Dating and Black Womanhood: On The Bachelorette’s Rachel Lindsay and Interracial Love
When it comes to who Rachel Lindsay will choose in the end, it shouldn’t be about race. It should be about who she loves and has built a solid foundation with.
By TIFFANIE WOODS
Dating as a black woman is hard. Dating as the first black Bachelorette on national TV is down right terrifying. That’s the reality Rachel Lindsay was forced to face once she accepted the title after being eliminated from last year’s The Bachelor. Now with only 3 men left, Rachel, often only referred to as the first black Bachelorette, is almost ready to pick her future husband.
At this point as an audience, we can all collectively agree that Rachel has had a pretty shitty experience as the Bachelorette. Even if you haven’t watched the show, it’s likely you’ve seen the drama via some sort of social media. From Demario’s girlfriend showing up to expose him on camera, to Lee the racist whose sole purpose was antagonizing all of the black men on the show. Rachel’s season has been plagued by drama and strife. And on top of all of this drama, she has had to deal with the constant commentary on her race and dating preferences as a black woman.
Even before her season began, Rachel felt pressure from the black community to pick a black man as her winner. In many of her promotional interviews, this was the first question people asked, and the one they focused on the most. Like, we get it, she’s black. But did you forget that the reason she is the Bachelorette is because she made it to the top 4 on The Bachelor with Nick Viall…who is a white man? Despite this fact, people still pushed this narrative on her. To say that America has no chill is an understatement.
As the show has progressed, this has taken up most of the conversations regarding the Bachelorette. Usually, as a fan of the show and avid watcher, I’m used to seeing critiques of the guy’s actions on dates, how open with their feelings they are, or how creepy they are. Remember the guy who sang Ashley a song? On this season, there were a couple of creepers. Adam who brought a doll version of him (still not sure how he made it to the top six). Or Jonathan, you know, THE PROFESSIONAL TICKLER ON THIS VERY SEASON?!?! Not this time. Because the topic continued to turn to race even when it was clear that was not a factor in Rachel’s decisions during elimination at all.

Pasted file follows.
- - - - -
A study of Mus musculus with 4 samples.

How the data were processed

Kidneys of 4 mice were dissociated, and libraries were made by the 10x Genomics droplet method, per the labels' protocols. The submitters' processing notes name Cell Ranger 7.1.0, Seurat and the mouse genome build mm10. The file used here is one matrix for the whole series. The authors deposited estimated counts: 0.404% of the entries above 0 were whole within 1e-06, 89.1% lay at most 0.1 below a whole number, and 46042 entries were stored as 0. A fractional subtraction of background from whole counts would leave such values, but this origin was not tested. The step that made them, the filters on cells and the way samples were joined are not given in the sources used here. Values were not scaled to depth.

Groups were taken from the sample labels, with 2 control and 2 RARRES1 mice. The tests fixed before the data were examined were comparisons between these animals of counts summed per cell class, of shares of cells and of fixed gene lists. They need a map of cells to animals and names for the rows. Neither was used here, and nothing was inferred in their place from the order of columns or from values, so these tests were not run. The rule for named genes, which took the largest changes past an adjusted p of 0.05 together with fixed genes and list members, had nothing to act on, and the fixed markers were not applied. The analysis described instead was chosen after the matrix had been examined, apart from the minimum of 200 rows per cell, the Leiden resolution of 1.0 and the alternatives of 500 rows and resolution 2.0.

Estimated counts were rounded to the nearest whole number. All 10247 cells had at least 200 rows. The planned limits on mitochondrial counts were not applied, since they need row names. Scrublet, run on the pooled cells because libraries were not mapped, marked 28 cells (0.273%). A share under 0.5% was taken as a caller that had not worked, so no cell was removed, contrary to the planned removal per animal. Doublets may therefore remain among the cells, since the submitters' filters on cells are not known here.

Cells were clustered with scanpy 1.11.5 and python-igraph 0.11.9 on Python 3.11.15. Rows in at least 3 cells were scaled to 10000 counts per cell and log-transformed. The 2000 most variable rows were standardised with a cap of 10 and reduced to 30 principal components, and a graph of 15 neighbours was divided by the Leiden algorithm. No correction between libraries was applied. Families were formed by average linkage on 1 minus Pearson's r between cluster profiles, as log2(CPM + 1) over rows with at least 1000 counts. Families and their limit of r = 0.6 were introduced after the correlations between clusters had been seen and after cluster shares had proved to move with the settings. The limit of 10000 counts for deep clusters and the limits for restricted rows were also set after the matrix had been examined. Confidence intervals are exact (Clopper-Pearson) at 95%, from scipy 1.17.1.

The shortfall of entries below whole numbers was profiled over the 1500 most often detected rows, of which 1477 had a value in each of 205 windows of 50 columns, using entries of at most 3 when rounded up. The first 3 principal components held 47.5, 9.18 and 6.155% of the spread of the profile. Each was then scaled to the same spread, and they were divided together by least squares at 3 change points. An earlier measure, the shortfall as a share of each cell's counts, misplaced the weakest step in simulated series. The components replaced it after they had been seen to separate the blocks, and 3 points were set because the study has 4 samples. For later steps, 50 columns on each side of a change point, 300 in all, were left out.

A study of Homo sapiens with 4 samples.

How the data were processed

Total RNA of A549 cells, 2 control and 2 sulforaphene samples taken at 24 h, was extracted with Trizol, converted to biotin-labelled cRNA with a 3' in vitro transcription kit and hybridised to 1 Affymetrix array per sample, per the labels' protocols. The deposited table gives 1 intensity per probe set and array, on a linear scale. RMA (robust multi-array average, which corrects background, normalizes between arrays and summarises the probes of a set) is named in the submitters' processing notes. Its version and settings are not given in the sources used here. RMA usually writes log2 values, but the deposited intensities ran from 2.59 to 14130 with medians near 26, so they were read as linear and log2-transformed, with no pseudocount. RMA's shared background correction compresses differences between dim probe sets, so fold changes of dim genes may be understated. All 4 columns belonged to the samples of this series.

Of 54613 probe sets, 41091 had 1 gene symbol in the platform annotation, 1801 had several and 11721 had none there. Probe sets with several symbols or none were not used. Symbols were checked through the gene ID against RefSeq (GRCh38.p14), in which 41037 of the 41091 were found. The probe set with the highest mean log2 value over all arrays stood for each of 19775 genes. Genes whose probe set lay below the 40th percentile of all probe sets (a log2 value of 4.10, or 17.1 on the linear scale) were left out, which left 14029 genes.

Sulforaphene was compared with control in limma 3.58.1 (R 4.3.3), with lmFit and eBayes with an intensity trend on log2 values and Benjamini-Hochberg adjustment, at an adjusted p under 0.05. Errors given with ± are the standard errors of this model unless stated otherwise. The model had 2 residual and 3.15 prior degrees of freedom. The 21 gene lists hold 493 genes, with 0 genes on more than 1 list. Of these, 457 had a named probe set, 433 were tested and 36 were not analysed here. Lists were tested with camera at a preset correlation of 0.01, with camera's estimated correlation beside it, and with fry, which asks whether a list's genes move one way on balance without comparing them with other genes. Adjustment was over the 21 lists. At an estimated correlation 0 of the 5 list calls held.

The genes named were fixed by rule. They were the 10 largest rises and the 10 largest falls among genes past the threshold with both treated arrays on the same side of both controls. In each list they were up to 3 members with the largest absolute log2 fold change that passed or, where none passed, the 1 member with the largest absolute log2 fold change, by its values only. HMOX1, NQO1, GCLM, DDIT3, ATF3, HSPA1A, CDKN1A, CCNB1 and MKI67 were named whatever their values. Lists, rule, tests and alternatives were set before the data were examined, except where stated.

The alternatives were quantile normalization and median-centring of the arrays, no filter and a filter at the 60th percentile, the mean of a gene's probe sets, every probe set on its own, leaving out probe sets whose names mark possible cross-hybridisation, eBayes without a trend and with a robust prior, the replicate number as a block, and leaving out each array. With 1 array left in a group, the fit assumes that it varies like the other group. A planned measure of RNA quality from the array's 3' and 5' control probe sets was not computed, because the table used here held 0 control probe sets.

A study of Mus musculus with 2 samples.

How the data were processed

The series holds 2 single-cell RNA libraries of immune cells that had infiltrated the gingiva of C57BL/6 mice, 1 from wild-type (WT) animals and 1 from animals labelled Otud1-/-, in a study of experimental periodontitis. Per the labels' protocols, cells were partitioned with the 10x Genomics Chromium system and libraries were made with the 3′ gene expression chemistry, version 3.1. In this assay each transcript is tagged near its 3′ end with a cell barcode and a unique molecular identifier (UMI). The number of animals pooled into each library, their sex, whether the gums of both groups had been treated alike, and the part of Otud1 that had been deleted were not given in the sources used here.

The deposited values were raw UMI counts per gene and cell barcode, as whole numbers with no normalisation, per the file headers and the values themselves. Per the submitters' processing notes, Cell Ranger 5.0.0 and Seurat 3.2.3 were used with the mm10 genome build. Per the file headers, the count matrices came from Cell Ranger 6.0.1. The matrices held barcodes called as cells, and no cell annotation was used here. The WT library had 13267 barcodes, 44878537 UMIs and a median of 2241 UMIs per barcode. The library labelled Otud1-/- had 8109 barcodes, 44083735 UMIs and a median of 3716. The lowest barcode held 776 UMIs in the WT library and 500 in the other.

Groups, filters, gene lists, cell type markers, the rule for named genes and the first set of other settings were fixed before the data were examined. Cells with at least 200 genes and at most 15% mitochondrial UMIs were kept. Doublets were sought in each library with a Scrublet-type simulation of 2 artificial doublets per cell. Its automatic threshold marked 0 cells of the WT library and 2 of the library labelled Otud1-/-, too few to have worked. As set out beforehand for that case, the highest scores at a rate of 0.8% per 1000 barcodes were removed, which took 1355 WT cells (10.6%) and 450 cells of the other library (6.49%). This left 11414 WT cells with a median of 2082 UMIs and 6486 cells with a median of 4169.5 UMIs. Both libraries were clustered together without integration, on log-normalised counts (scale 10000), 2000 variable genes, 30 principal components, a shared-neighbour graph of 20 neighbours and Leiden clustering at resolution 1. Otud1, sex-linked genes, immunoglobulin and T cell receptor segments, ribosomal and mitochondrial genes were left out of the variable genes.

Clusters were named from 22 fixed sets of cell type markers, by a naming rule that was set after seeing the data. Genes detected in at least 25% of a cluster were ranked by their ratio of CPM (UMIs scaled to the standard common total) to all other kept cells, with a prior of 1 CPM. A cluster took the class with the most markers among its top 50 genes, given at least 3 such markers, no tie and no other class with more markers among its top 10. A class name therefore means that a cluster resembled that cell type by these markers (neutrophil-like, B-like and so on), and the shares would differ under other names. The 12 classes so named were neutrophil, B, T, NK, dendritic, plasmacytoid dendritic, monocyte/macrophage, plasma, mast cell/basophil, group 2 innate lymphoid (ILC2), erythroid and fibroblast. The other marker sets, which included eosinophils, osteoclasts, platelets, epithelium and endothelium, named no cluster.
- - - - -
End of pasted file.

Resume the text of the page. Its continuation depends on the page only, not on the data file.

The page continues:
In a recent interview with Essence, Rachel shares some insight into her dating history, and how race has played a part in that.
“I typically dated African-American men. But if you watch the show, you don’t necessarily see that. As a single woman in my 20s, I was dating a particular type of man. Once I turned 30, I opened that up because I was closing myself off to great men. As women, we can get so zeroed in on a specific type, but if you cast the net wider, you never know what you’re gonna catch.”
That’s why when I read this article last week that said the only reason Eric Bigger, the last black contestant, was still around is because he’s black. I was pissed. Pissed for how little respect this writer, who is also a black woman, has for another black woman who is dating on national television and is already faced enough scrutiny.
Give Rachel some credit. She is not on this show to appease America, the Bachelor producers, or anyone but herself. If you watch the show, this was pretty clear on episodes 1 and 2 when she called out DeMario and put Chris Harrison in his place about the ambush production led her into. Rachel Lindsay is not someone to be played with.
Rachel, who is a civil litigator in Houston, knows all about code switching and how her words and actions can be perceived. And she does not care. In fact, she is happy with what was shown, because it shows she has been her authentic self throughout the entire process. That she isn’t just Rachel the attorney, or Rachel the Bachelorette. She is just Rachel, a hopeless romantic who just so happens to be dating a dozen men on your TV every Monday night.
When it comes to who Rachel will choose in the end, it shouldn’t be about race. It should be about who she loves and has built a solid foundation with. And given her most recent interviews, it sounds like she is living her best life, and everyone should be supportive of her decision.
Author Bio: Tiffanie Woods is a human living in Boston and just trying to live her best life. Most of her time is spent talking about pop culture on her podcast “Spill It” and trying to get that perfect Instagram shot without breaking a nail. Follow Tiffanie on Twitter and Instagram.